London (AFP) Nov 25, 2006
Finance minister Gordon Brown warned Saturday against unilateral British nuclear disarmament in a world where rogue states could acquire nuclear weapons. The chancellor of the exchequer, widely expected to take over as prime minister from Tony Blair next year, waded into the debate over replacing Britain's submarine-based Trident nuclear weapons system.
The government is due to reveal its preferred option in December.
"People should bear in mind over the next few months on this issue that if North Korea has nuclear weapons, if there are other states threatening to have nuclear weapons, then it doesn't make sense to take unilateral action," Brown said.
"What we need is multilateral action," he told the Scottish Labour Party's conference in Oban on mainland Scotland's west coast.
"We have taken multilateral action since 1997. We've reduced the number of warheads, we've reduced the firepower of these warheads.
"We've taken action in the international community to promote multilateral disarmament and we will continue to do so."
Lawmakers will be allowed to vote on whether the government should replace Trident.
But members of the governing Labour Party will be expected to follow the party line -- despite more than 120 Labour lawmakers having lobbied ministers to give them a free vote, raising the prospect of another rebellion against Blair.
Trident has proved to be divisive issue between left-wing "old" and centre-left "new" Labour lawmakers under the pro-nuclear Blair, who became party leader in 1994 and prime minister in 1997.
Britain's current nuclear deterrent was set up in the 1980s when the Soviet Union -- not global terrorist groups such as Al-Qaeda -- was seen as the primary threat.
It is based on four Royal Navy submarines fitted with US-built Trident missiles which are due to become obsolete in the 2020s. One of the submarines is always on patrol.
They each have 16 multiple warhead nuclear missiles with a range of 12,000 kilometres (7,500 miles).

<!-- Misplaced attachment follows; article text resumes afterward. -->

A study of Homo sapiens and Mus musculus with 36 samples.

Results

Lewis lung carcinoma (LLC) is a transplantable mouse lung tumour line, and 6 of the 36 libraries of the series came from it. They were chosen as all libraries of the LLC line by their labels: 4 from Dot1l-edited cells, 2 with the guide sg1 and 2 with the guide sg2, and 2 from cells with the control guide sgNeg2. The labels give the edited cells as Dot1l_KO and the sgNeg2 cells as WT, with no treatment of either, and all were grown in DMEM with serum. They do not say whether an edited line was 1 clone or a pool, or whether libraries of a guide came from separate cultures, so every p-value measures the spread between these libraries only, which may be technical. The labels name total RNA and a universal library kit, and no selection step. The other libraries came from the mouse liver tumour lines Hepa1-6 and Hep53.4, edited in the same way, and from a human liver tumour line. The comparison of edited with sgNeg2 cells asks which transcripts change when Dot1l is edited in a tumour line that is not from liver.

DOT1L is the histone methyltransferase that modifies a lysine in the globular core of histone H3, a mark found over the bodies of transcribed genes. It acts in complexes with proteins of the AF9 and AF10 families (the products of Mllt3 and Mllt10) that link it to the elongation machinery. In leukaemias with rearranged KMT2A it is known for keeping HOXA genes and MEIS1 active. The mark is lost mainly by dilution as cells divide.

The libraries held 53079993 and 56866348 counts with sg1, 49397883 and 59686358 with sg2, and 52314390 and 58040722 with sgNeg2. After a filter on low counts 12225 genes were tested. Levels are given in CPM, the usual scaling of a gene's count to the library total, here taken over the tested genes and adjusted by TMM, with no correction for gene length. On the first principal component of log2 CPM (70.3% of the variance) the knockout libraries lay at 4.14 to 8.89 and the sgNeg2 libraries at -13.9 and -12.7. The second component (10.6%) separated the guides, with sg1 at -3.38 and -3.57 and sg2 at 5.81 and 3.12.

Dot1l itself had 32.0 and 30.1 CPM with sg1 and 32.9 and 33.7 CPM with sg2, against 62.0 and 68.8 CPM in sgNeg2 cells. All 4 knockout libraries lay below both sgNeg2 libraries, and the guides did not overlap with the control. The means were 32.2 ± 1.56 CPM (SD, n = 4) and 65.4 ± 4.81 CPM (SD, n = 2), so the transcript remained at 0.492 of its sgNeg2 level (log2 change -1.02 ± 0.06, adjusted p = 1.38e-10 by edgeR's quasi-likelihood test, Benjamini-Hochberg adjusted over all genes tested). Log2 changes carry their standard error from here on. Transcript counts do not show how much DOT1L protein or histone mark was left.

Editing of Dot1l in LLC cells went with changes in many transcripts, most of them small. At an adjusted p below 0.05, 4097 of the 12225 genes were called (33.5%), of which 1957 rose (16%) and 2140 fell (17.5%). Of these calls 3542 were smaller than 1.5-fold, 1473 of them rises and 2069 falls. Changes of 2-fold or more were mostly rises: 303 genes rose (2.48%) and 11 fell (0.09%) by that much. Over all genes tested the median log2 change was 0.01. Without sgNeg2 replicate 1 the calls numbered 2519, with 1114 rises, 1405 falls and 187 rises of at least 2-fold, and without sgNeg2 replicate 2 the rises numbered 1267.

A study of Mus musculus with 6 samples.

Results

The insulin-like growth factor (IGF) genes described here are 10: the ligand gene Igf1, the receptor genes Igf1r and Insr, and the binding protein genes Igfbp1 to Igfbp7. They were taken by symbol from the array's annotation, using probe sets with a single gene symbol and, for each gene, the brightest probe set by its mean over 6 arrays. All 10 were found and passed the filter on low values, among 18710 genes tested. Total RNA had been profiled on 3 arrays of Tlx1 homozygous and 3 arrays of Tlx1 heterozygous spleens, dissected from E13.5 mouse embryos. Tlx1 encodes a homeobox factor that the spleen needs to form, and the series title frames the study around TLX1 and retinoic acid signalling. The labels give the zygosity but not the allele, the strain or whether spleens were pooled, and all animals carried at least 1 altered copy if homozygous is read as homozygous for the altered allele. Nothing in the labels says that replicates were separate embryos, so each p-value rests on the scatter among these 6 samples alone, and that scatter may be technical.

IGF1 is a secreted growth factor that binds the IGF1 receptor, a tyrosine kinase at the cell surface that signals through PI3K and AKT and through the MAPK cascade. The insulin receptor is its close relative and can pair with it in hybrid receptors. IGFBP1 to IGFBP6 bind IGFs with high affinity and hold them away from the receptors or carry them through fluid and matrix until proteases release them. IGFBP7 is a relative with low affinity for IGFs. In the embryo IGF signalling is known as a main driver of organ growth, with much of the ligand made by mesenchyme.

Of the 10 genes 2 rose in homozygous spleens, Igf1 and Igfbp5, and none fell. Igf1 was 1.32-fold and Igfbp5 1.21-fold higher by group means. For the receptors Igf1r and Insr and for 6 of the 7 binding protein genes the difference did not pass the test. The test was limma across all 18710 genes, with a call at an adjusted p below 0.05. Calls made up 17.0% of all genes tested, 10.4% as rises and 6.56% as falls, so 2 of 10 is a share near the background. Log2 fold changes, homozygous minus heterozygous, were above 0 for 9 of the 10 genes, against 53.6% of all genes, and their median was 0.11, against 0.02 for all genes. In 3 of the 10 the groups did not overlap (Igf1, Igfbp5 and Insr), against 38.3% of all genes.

If ministers do decide to replace Trident, they would have to choose whether to stick with a purely submarine-based deterrent or utilise land- or air-based systems.
Replacing the deterrent is likely to cost anywhere from 10 billion to 25 billion pounds (19 billion to 48 billion dollars, 15 billion to 37 billion euros), observers say.
earlier related report
Ministers will bring forward proposals on a successor to Trident before the end of the year, which will be followed by a "period of debate", the spokesman told reporters.
But the vote, expected early next year, will be "whipped" and not free, said Jack Straw, who as Leader of the House of Commons is in charge of managing government business in the lower chamber.
Whipping is a system where lawmakers are coerced to not only attend a vote on a major issue but to back the party line.
A free vote makes it easier for them to follow their consciences.
The decision to whip the vote is likely to prove controversial with more than 120 Labour lawmakers having lobbied ministers to let them have a say on the issue, and raises the prospect of a backbench rebellion against Blair.
Trident has proved to be divisive issue for the ruling Labour Party under the pro-nuclear, modernising Blair, who became leader in 1994.
Opposition to nuclear weapons and power was historically a central plank of Labour Party policy and disagreement over the current position underlines differences between left-wing "old" and centre-left "new" Labour.
In the 1980s, party leaders such as Neil Kinnock spoke at marches organised by the Campaign for Nuclear Disarmament (CND).
Blair has indicated he wants to keep the nuclear deterrent, as has his probable successor, finance minister Gordon Brown.
But senior ministers including Foreign Secretary Margaret Beckett reportedly have concerns about Trident.
The main opposition Conservative Party believes in keeping Trident, while the second opposition party, the Liberal Democrats, wants to retain a minimum deterrent "for the foreseeable future".
Britain's aging nuclear deterrent consists of four Royal Navy submarines, one of which is always on patrol, fitted with US-built Trident missiles.
It will become obsolete in the mid-2020s. A successor would require many years of development and could cost up to 25 billion pounds (37 billion euros, 46 billion dollars), observers say.
Source: Agence France-Presse
Chancellor Of The Exchequer
Tokyo (AFP) Nov 26, 2006
The United States and North Korea will hold talks in Beijing this week to discuss resuming six-party negotiations on Pyongyang's nuclear program, a Japanese report said on Sunday. US envoy Christopher Hill and North Korean Vice Foreign Minister Kim Kye Gwan, the North's chief delegate in the talks, will meet as early as Tuesday, the Asahi Shimbun said quoting US and North Korean sources.